Located in Central America lies the country of Nicaragua. As the largest country within region, Nicaragua covers a region spanning 50,338 miles and has a total population of 6.5 million. Honduras lies to the north with Costa Rica to the south. There are 1222 named mountains in Nicaragua. Mogotón is the highest point at 6,877 feet. The most prominent mountain is Volcan San Cristobal with 5,571 feet of prominence.
Nicaragua is often referred to as the land of many lakes and volcanoes. As a whole, the country consists of three unique geographic locations. These include the Pacific lowlands, Amerrisque Mountains, and the Mosquito Coast. The Pacific lowlands are full of fertile lands and dominate the Pacific side of the nation. It is here that the two largest freshwater lakes in Nicaragua, and all of Central America lie. Lake Nicaragua is also home to the rare freshwater shark. Surrounding Lake Managua and Lake Nicaragua are the fertile land of the Gulf of Fonseca.
To help protect the biodiversity, nearly 1/5 of the country’s land is protected. The Pacific lowlands consist of The Cordillera Los Maribios mountain range which include the stratovolcanoes Mombacho and Momotombo. The country is home to over 40 volcanoes, with many of them still being designated as active. The north central highlands is perhaps the most diverse region of the country. While some of the land is protected, other sections are designated for coffee, vegetables, gold, and tourists’ activities. It is here that the land is characterized by numerous rivers, forests, and hiking trails. Along the eastern coastline lies the Caribbean lowlands. This region of Nicaragua is known for its lush rainforests and large rivers. The rainforests and jungles of Nicaragua cover 2.4 million acres and are often referred to as “the lungs of Central America''.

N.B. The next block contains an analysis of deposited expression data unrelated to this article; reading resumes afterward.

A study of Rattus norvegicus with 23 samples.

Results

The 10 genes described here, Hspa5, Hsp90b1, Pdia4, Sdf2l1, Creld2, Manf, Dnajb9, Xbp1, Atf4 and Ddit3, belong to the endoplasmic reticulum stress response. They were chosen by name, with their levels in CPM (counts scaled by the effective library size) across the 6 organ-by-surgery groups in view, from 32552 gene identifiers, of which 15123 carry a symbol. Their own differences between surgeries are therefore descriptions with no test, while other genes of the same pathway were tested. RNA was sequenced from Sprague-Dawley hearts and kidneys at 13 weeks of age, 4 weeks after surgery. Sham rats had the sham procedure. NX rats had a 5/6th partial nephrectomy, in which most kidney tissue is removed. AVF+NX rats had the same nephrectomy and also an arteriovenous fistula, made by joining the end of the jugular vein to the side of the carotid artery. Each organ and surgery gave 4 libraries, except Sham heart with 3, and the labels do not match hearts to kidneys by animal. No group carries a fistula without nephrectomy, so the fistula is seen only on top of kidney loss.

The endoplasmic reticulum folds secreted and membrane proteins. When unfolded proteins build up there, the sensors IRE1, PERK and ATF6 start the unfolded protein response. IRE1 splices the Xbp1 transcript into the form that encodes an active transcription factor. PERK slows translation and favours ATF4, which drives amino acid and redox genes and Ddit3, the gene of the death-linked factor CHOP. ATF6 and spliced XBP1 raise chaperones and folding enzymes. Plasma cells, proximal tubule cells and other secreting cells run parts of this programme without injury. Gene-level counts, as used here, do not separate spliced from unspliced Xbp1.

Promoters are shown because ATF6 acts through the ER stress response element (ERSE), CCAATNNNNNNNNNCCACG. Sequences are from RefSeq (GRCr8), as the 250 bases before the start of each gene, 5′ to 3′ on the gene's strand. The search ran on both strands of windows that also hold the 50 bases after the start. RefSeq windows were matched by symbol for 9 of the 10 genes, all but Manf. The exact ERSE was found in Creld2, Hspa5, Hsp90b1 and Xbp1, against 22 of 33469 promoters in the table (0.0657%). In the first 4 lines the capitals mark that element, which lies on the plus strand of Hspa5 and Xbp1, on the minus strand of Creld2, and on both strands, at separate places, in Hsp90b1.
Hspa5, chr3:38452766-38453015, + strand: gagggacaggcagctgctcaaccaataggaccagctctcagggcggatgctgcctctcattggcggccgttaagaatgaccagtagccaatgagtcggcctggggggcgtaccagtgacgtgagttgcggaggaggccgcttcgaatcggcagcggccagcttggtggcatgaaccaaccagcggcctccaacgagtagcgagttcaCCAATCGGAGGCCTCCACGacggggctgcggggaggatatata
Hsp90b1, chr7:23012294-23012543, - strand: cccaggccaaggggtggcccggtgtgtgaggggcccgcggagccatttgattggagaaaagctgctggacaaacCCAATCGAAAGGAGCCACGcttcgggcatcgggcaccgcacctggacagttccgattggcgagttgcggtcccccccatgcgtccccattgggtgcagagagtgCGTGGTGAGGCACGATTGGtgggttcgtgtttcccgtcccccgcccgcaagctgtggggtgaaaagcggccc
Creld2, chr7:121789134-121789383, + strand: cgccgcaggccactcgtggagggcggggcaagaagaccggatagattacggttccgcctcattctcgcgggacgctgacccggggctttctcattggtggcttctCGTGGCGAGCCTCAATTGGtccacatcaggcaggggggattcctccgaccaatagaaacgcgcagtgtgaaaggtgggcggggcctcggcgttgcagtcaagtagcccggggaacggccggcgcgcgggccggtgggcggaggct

Today there are nearly 80 protected regions throughout the country. This encompasses 8,500 square miles which accounts for 18% of the country.
Cosiguina Volcano: This volcano is responsible for one of the most violent eruptions in the country in recent history, back in the early 1800s. In the early 1900s, a lake developed in the crater, which is one of the main viewpoints for hikes in the area. There are multiple options for hiking the volcano, either hiking from the base or driving part of the way up. Either way, the trails along this volcano are full of biodiversity, lush forests, birds, monkeys, and breathtaking views.
Indio Maiz Biological Reserve: This biological reserve is located in the southeastern corner of Nicaragua covering 1,227 square miles. The reserve is full of biodiversity with more species than all of Europe. On average the region receives 155 inches of rainfall each year, characterizing it as a tropical rainforest. While much of the reserve can’t be accessed by humans, hiking trails start from the Bartola and San Juan del Norte entrances.
Mombacho Cloud Forest Reserve and Volcan Mombacho Nature Reserve: Surrounding Volcan Mombacho lies these two reserves. Within the Mombacho Nature Reserve lies in southwestern Nicaragua. Higher elevations are characterized as cloud forest, home to both flora and fauna that is only found in this region of the world. Hiking trails run throughout the reserve with the most notable being one that circles the crater along with the El Puma trail within the forest.
The largest city in Nicaragua is Managua with a population of 1.1 million. The capital city sits along the south shore of Lake Managua. Within the bustling city also lie four lagoons, including the Tiscapa Lagoon Natural Reserve. The city experiences a tropical climate with a dry season lasting November to April. In recent decades, more people from the United States and Europe are retiring in Nicaragua and the area surrounding Managua.
Located 55 miles northwest of Managua lies the city of Leon that sits 11 miles off of the Pacific coastline. This diverse town is home to over 210,000 people and is surrounded by Momotombo volcano, Cerro Negro volcano, and the San Jacinto Swarms.